When planning a trip abroad, it’s good to know if a visa is needed, and if so, which one. The wrong visa can delay your trip whether it’s for business or pleasure. To ensure you have the right visa for your next getaway, check out the overview of visa types below needed to enter the United States.
BUSINESS AND TOURISM
If you’re looking to enter the U.S. temporarily for business purposes, this visa is for you. The “visitor” visa is used for people who want to attend business meetings, purchase property or buy equipment, according to the United States embassy in Port au Prince. Apply for this visa if your job consists of traveling the globe week to week.
Under this visa, those seeking medical treatment in the U.S. are also applicable.
DIPLOMATIC AND OFFICIAL
Diplomats and other government officials must apply for A visas. Individuals who qualify for this visa are travelling on behalf of their countries to solely take part in official activities for their government.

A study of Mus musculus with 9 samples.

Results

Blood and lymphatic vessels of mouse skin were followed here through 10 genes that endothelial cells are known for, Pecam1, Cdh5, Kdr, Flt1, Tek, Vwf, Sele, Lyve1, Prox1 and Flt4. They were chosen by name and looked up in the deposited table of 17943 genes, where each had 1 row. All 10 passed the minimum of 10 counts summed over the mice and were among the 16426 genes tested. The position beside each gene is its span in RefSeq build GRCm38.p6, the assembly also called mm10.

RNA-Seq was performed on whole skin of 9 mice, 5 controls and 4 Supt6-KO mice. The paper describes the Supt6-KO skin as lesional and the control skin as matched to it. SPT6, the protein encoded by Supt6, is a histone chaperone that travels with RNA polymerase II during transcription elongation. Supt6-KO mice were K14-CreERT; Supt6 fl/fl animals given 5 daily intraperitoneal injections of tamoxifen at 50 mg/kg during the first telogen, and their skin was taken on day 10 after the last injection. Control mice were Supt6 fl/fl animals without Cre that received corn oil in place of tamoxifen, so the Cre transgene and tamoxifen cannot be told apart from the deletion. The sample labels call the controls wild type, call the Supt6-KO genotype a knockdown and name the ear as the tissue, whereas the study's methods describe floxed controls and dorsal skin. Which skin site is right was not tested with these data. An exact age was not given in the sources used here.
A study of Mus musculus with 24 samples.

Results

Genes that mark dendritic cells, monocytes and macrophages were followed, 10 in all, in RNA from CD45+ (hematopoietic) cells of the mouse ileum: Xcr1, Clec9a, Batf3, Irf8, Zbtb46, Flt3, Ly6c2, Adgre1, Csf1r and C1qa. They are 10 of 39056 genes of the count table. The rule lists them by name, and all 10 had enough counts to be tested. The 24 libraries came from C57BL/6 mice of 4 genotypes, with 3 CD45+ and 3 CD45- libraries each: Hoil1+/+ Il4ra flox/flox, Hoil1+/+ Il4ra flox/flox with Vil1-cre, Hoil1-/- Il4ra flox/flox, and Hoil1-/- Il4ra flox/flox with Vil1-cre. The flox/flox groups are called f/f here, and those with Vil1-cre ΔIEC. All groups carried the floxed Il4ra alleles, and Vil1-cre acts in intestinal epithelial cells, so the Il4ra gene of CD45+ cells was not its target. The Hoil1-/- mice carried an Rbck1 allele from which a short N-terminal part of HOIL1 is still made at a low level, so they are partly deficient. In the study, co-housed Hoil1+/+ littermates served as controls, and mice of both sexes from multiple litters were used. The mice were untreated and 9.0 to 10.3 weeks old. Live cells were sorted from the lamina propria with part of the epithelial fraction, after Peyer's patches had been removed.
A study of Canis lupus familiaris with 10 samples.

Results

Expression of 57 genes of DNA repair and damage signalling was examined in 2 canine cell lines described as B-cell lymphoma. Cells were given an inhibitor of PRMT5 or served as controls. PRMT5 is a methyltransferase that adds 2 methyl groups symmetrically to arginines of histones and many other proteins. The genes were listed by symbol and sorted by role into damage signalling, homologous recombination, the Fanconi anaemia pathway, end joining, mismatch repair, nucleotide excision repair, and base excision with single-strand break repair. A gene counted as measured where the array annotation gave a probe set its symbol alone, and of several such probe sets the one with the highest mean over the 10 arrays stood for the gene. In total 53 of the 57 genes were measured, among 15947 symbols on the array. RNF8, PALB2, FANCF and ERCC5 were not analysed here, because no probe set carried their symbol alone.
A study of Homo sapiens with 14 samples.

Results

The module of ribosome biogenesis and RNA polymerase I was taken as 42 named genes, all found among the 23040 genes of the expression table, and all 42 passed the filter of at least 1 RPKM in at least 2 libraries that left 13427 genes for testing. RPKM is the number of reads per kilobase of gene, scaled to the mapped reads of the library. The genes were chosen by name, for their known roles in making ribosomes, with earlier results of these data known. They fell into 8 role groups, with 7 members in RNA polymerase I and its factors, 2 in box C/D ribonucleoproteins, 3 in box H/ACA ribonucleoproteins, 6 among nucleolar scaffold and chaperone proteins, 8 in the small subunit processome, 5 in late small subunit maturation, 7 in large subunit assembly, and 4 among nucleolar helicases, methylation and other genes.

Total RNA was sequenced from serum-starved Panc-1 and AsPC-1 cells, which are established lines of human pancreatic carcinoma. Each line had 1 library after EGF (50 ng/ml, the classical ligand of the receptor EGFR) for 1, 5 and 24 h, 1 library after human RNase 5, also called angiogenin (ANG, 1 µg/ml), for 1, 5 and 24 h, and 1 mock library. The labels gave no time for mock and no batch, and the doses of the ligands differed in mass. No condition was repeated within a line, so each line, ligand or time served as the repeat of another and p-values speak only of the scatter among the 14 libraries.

ACADEMIC AND EXCHANGE VISITORS
If you’re a student who wants to study abroad for a semester, then student “F” and “M” visas are best for you. “F” visas are for academic studies and “M” visas are for nonacademic or vocational programs. Students applying for this visa must give proof they enrolled in an institution and program. Additional requirements include:
- Scholastic preparation: If the student applicant is enrolling in an American program, they are required to speak English, unless the student has been assigned an English language course or will be taught in their native language.
- Financial Resources: Student applicants must show evidence they have a reliable financial source to cover all living and school expenses while studying abroad.
If you’re traveling with a large group, a group visa is best. You must first schedule an appointment for the entire group. The applicant then has to send an email two weeks in advance of the chosen interview date. Once approved for an interview, each member of the group must bring the following; an invitation letter from a U.S. organization with accompanying contact information, letters of recommendation from work and/or school transcripts. Other recommended documentation includes information about the applicant’s company or project and a daily itinerary.